When you die in Oregon, your beneficiaries will receive your estate according to the stipulations in your will. If everything goes as planned, future generations can use the assets that you accumulated during your lifetime. There’s just one hitch: your beneficiaries might have to pay estate taxes.
How can you reduce estate taxes as much as possible?
During the estate planning process, many people write a will without thinking about the tax ramifications. Depending on the value of your estate, your loved ones might have to pay thousands of dollars in federal estate taxes after your death. This is taken out of the estate itself, shrinking the inheritance that your loved ones will receive.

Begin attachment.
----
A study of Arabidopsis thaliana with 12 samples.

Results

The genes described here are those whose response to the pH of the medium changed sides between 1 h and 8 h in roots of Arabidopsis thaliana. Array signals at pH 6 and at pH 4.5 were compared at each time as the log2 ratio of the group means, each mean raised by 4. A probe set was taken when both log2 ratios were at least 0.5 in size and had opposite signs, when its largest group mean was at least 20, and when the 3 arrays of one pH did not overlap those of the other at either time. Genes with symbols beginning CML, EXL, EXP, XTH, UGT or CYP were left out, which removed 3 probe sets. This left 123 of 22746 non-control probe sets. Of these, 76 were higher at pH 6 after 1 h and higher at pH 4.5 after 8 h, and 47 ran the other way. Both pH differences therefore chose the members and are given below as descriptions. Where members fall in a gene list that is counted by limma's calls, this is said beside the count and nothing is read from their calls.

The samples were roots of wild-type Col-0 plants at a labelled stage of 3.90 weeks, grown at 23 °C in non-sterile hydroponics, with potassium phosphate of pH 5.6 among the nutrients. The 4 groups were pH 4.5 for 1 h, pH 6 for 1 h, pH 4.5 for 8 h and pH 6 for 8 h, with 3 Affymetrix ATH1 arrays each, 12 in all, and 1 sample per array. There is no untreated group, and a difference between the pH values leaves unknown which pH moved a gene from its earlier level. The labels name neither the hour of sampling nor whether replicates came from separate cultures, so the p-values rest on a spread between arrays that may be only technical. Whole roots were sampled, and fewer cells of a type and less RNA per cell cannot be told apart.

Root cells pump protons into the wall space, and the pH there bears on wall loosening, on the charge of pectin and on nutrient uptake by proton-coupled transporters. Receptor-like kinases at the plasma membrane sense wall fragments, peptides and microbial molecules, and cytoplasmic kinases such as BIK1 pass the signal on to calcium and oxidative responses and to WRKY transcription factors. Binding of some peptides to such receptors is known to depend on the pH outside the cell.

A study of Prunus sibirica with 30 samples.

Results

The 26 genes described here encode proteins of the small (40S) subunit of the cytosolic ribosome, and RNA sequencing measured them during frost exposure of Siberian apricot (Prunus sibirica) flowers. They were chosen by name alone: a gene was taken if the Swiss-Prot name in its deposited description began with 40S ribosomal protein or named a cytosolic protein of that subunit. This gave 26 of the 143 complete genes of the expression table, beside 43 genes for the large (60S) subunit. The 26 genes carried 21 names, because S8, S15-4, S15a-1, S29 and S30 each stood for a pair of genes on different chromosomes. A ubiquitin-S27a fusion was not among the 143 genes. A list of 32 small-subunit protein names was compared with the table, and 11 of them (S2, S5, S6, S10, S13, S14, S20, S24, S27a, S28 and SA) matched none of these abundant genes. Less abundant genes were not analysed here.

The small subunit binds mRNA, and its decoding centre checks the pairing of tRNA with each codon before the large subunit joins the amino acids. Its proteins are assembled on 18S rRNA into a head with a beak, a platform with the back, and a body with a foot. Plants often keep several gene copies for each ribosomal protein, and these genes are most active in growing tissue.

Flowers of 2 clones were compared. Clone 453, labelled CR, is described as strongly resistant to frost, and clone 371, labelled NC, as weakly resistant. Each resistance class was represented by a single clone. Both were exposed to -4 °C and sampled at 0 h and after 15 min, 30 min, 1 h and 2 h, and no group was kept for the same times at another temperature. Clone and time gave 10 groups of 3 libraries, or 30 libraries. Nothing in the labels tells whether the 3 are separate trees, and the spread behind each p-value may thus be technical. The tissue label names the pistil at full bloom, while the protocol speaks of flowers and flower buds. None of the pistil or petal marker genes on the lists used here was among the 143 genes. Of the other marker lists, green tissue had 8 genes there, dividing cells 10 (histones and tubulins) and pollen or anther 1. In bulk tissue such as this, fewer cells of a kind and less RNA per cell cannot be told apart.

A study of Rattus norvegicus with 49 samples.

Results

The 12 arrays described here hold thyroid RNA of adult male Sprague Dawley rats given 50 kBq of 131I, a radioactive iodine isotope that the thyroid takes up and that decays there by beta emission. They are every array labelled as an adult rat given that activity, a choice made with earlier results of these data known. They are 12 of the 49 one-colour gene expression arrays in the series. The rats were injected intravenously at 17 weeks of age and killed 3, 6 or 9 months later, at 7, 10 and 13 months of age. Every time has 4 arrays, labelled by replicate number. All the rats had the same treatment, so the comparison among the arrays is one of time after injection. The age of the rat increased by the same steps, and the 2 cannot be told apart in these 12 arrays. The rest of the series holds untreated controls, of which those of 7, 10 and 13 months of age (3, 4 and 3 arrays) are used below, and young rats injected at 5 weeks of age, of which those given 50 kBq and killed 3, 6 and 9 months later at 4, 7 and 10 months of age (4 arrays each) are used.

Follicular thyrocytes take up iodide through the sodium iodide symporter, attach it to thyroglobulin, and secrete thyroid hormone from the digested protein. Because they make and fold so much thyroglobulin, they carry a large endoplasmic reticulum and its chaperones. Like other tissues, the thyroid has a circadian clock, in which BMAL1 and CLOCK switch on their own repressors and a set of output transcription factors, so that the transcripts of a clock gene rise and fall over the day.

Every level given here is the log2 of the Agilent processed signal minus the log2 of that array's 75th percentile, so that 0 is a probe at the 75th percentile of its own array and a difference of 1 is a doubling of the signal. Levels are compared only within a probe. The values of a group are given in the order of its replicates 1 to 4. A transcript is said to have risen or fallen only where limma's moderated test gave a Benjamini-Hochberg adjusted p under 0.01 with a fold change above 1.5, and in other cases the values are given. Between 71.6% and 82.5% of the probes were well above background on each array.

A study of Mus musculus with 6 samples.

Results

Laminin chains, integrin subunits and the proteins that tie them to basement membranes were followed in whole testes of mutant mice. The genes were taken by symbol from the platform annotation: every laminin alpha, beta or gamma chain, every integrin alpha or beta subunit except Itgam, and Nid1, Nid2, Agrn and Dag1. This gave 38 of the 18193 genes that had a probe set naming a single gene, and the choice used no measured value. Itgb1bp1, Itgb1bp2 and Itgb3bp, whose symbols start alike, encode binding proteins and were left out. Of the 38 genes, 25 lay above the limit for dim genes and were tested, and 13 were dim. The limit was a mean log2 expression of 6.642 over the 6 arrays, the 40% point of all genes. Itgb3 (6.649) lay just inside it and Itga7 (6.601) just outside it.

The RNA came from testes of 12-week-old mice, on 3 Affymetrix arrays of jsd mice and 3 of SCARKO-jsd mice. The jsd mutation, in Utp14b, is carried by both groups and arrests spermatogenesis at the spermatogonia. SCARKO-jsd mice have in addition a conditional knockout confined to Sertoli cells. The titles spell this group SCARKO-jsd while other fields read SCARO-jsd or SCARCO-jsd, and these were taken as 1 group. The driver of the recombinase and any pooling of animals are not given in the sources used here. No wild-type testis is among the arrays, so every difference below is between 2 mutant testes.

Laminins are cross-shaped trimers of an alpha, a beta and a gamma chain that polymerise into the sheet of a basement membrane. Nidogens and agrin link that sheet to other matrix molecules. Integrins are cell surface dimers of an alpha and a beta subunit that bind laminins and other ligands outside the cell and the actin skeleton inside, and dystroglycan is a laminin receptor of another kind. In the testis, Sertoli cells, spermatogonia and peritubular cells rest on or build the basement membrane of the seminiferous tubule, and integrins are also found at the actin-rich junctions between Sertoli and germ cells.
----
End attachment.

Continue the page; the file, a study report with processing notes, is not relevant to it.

Fortunately, an estate planning attorney could help you reduce the estate taxes as much as possible. For example, if you have a modest home in a high-income neighborhood, your house might be valued more than it’s actually worth. This forces your loved ones to pay extra taxes. You could ask the government to value your property at its “actual use” in qualifying situations.
You could also give your family members a portion of your assets while you’re still alive. You’ll have to be careful not to give away anything that you still need–for example, don’t sign your house away when you’re still living in it. But you can give loved ones up to $15,000 in gifts each year per recipient without your having to pay a gift tax. If you’re married, you and your spouse can collectively give away up to $30,000 each year per recipient.